Deadly Arrangement
by Denise Osborne
Order:  USA  Can
Prime Crime, 2001 (2001)


Salome Waterhouse (middle-aged, divorced, and struggling to keep her feng shui consultant's business viable) lives in the upscale coastal village of Holyrood. Her quiet life is disturbed when she is plunged into murder, with all the upheaval it can bring. The corpse was an artist who rented an historic mansion bequeathed to Salome by her grandfather. The victim's fame attracts media vultures, and the investigation into the brutal murder threatens to uncover long-held secrets.

It is refreshing to meet a smart heroine who does not stumble immediately into danger. The slam-bang opener sets the murder scene most effectively, and Salome demonstrates that she is quick-thinking and courageous. She discovers the body on her own property, the Perfume Mansion, a house she has refused to enter for years, on the first occasion that she breaks that rule. Salome pursues the investigation because of her own position as prime suspect and to cleanse the Perfume of the evil that she has sensed in it for decades, murder being its latest manifestation.

Salome is a an appealing protagonist, strong-minded, loyal to friends and family, and stubbornly determined. Her role as research assistant to her ex-husband, a best-selling crime writer, gives her some qualification as an investigator. She is a sincere believer in feng shui (briefly defined as the art of analyzing one's surroundings in order to make arrangements that optimize harmony and positive energy), which plays a role in the mystery. The story abounds with interesting characters: Salome herself; her cousin Phyllis, who is also Holyrood's police chief; Emily Harkin, local newshound; and numerous village residents, suspects and eccentrics. For a woman devoted to improving the positive aspects in others' lives via feng shui, Salome must contend with an exasperating variety of negative-minded people.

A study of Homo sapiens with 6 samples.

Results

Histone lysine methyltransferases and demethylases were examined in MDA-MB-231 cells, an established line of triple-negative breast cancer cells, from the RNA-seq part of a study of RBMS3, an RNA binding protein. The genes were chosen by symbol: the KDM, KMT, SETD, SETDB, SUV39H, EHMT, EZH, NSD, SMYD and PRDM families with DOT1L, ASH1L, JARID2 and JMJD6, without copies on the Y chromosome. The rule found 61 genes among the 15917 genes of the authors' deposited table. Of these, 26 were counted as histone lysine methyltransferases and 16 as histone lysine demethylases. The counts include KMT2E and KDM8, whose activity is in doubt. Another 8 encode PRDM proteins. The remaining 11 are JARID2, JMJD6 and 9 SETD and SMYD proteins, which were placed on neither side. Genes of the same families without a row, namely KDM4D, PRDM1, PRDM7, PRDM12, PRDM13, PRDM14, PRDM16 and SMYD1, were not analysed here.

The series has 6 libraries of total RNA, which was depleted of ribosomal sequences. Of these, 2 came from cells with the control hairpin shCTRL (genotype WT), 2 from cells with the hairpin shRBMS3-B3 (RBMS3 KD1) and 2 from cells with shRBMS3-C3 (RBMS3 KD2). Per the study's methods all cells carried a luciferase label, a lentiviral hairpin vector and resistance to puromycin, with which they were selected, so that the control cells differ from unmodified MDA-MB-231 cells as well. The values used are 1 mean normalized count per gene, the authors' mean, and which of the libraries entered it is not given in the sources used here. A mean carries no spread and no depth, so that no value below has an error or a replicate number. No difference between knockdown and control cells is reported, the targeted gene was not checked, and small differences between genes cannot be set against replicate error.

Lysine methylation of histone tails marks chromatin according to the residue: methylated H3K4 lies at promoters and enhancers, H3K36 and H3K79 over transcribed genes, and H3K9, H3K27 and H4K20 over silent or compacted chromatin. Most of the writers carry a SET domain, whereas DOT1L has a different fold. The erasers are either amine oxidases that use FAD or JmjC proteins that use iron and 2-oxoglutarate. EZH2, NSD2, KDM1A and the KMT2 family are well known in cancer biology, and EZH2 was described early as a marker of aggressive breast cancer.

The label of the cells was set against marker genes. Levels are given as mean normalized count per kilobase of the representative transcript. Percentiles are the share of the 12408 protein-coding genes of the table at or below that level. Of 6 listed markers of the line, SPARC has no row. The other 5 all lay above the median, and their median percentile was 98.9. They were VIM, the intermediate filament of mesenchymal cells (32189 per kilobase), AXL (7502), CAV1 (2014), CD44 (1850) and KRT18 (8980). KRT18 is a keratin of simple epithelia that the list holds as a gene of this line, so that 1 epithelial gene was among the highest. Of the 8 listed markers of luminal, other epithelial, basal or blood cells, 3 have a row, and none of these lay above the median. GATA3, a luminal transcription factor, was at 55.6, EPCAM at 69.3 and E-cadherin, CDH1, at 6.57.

Osborne provides a lively view of Holyrood and its inhabitants. Her descriptions are vivid, the pacing quick and smooth, and she slips in necessary information subtly. Feng shui details add colour and provide insight into Salome's personality. The reader is caught up not only in Salome's progress in solving the mystery, but also as she involves herself in the lives of her friends and neighbours. Osborne has created a satisfactory mystery and an absorbing account of interesting people. A Deadly Arrangement is the first of a series, good news for those who make the acquaintance of Salome Waterhouse.